On Wednesday Polish champions Wisla Krakow will start their next European campaign away at Teddy Stadium in Jerusalem against Beitar.
Since 1998, when Boguslaw Cupial invested in Wisla Krakow, they are the most successful team in Poland, having won 6 championships, 3 second places and 2 cups. Wisla also fought successfully in the UEFA Cup in 2002/03 and 2006/07 but the owner’s biggest dream – a profitable Champions League group stage – still hasn’t come true despite several attempts.
After a disappointing 2006/07 campaign, when Wisla finished only 8th in the Ekstraklasa (the lowest position during Cupial’s reign), new coach Maciej Skorza confirmed Wisla’s supremacy on domestic fields last season. They finished with a 14-points margin over second-placed Legia Warsaw.
In the winter transfer window Wisla, already crowned by media, rebuilt the squad for the CL qualifying. Polish internationals Wojciech Lobodzinski and Radoslaw Matusiak (loan) arrived to the Henryk Reyman stadium, while the only loss was winger Kamil Kosowski to Spanish Cadiz FC. Supporters were also happy with contract extensions for key players Arkadiusz Glowacki and Pawel Brozek (top league scorer with 23 goals).
In the summer Wisla were not only inactive on the transfer market, but lost a few of their teeth. Utility player Dariusz Dudka, who played for Poland at Euro 2008, moved to French side AJ Auxerre for a fee of about 2,5 million Euros. Brazilian Jean Paulista didn’t have his contract extended and signed for Cyprian APOEL. In addition, talented young defender Adam Kokoszka (one appearance at Euro 2008) was fed up with waiting for a first squad chance and left the club under the Webster ruling and will probably sign for Empoli. Matusiak didn’t manage to become a first choice player either, ended his loan spell and returned to SC Heerenveen.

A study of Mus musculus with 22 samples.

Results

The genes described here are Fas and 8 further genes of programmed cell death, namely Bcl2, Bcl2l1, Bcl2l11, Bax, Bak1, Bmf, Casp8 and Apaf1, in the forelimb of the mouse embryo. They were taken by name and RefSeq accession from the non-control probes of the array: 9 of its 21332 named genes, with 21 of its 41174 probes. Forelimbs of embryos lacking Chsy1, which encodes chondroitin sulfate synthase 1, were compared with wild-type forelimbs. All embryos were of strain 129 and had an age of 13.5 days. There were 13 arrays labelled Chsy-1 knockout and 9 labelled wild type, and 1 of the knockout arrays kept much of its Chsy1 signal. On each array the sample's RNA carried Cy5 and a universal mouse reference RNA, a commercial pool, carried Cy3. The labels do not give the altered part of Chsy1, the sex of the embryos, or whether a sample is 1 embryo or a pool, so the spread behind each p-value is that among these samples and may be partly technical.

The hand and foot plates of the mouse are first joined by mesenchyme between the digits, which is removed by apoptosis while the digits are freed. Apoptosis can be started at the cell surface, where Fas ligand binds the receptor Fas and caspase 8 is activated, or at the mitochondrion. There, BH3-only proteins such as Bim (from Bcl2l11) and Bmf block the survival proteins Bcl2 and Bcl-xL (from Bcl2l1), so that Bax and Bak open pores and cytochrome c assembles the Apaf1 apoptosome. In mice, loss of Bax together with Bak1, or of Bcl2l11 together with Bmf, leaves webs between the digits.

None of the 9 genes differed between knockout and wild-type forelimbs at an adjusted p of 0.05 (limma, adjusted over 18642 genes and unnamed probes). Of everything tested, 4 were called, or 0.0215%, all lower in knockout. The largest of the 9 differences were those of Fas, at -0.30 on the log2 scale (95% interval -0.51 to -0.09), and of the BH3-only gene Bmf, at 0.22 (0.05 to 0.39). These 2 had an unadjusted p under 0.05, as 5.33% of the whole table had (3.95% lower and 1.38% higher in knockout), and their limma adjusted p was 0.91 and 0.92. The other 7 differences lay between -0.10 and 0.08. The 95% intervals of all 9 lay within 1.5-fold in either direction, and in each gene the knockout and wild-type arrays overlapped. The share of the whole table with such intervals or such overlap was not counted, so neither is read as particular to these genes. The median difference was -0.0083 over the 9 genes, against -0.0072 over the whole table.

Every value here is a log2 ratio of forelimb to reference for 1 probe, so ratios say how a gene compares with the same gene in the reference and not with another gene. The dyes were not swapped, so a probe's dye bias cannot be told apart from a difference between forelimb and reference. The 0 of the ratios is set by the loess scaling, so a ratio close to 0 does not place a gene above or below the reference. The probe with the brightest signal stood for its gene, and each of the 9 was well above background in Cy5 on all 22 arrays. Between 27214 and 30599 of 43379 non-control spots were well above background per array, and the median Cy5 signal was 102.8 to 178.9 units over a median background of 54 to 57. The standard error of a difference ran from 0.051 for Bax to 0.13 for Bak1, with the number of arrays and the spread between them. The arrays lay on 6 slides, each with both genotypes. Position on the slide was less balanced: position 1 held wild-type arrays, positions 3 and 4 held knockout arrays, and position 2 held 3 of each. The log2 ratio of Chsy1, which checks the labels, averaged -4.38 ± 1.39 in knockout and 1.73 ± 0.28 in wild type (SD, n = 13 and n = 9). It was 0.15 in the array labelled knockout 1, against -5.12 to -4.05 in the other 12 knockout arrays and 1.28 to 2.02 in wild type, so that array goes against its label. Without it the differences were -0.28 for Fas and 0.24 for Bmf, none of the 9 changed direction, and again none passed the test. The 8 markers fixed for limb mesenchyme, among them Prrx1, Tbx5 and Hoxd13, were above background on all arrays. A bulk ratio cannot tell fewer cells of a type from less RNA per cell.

The sole arrival (not counting returns from loans and promotions from the reserve team) is free agent Slovak Peter Singlar, but he is supposedly only a replacement player for experienced defender Marcin Baszczynski.
Despite a lower budget than Beitar’s, Wisla are considered by the Polish media as slight favourites in the upcoming clash. Even without expensive signings they have more players experienced at the international level than the Israeli side. Supporters’ hopes rest also on history. Wisla were never eliminated in the 2nd qualifying round of the Champions League, having at least a chance to compete in the UEFA Cup.
Other Polish teams in European competitions are Cup winners Legia Warsaw and Lech Poznan. Last week Legia’s scoreless draw in the UEFA Cup first leg disappointed its supporters, but after a Polish Super Cup win over Wisla the elimination in such an early stage would be too much for this solidly-strengthened team coached by ambitious Jan Urban, Poland and Osasuna player in 1980’s. Most notable summer arrivals are Macedonian Pance Kumbev and Warsaw-born Piotr Rocki from Groclin Grodzisk, playmaker Maciej Iwanski from Zaglebie Lubin, as well as Spaniards Mikel Arruabarrena (Tenerife) and Inaki Descarga (Levante). Beside Inaki Astiz, who ended his loan from Osasuna, no key players departed from Legia this summer.
Lech ended their inconvienent excursion to Azerbaijan with the narrowest but certain win over Khazar Lenkoran thanks to a goal from a talented rookie Robert Lewandowski. The most attended club in the Ekstraklasa will seriously fight for the championship this season after a 16-years wait for the title. This season is expected to give fruits of a merger with neighbouring side Amica Wronki 2 years ago. Coach Franciszek Smuda has signed his favourite Manuel Arboleda, whom he worked together with at Zaglebie Lubin, and young Bosnian international (2 caps) Semir Stilic from Zeljeznicar. Major departures are Marcin Zajac to Ruch Chorzow and an effective substitute forward Przemyslaw Pitry to Gornik Zabrze.
Second legs of the UEFA Cup ties will be held on Thursday evening.